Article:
BDW Quoted In Blogging Baptists by John Hall

Blogging Baptists by John Hall is the first of two articles published today that quoted yours truly.

Hall writes,

For some people, blogs are like a family reunion where people barely know each other. There’s a lot of talking going on, but there’s little agreement on much of anything. But for many of the increasing number of Baptist bloggers, that’s the beauty of it....

The blogosphere is the world’s online dinner table, where people from all perspectives can share their thoughts and opinions on what is going on in their lives and the world around them.

And here's me:

Aaron Weaver, a Baylor graduate student who blogs at www.thebigdaddyweave.com, uses his blog to stay informed of Baptist issues related to politics, but he also advocates what he calls Baptist distinctives. He believes blogging is a way to connect with younger generations.

“For the most part, the young Baptists that I know don’t read Baptist publications. They don’t read denominational newspapers. But they do read blogs; they like blogs. Many even have blogs of their own. They are exchanging ideas with each other, and they are willing to read blogs from other Baptists of all ages,” Weaver said.

“Their blogging is definitely not limited to Baptist or even religious subjects, but some young Baptists are thinking and writing about topics of interest to other Baptists. It is my hope that more younger Baptists will discover the Baptist blogosphere and become more interested in our distinctives, history and the future of Baptists.

“In our increasingly pluralistic, post-modern, post-denominational world, what is the future of Baptists? That is a question which Baptists—young and old—should be dialoging about. The Baptist blogosphere is the perfect place in which to have that much-needed conversation.”

I enjoyed the article and appreciate being asked for input. However, I do differ a little with Professor Amanda Sturgill of Baylor University who is also quoted in Hall's article.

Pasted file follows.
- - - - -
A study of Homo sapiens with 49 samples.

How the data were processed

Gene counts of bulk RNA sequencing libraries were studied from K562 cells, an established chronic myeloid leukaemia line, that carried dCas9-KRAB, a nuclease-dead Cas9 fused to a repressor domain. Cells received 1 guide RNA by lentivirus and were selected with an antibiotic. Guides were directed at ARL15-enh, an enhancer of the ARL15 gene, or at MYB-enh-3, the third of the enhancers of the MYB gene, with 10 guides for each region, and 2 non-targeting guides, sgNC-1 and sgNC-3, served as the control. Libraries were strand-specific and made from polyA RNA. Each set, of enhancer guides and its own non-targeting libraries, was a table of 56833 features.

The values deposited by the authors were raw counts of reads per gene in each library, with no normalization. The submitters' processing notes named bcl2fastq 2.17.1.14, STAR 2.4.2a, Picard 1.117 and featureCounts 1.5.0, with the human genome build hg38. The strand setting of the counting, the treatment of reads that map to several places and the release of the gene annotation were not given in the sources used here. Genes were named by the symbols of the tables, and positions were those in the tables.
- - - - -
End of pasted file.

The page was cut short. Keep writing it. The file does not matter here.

Amanda Sturgill, a journalism professor at Baylor University, blogs on media and religious issues at aejrmig.blogspot.com. She believes Baptists, in particular, blog for two reasons—they are family-oriented, creating a desire to share their family lives with others, and as evangelicals, they believe they have something important to add to the global conversation.

Baptists may be supplying information and perspectives that Internet surfers are wanting, Sturgill noted. Research indicates 25 percent of web users have looked for religious information on the Internet.

“People from evangelical faiths have classically seen new media technologies as being a great witnessing tool—allowing believers to reach all the world in an expeditious manner. This has been true for everything from print to the World Wide Web. It’s no accident that Gutenberg’s first product was a Bible. But usually it doesn’t live up to hopes. There is Christian broadcasting, but mostly existing Christians watch and listen, for example,” Sturgill said.

I think it's safe to say that Dr. Sturgill is a newbie to the Baptist Blogosphere. The Baptist blogs that I've read for the past 2 years are focused on Baptist-related issues - theology and politics - not family. And while there are Baptist blogs that serve as a sort of "witnessing tool" - most do not. This article points to reasons why Baptists blog.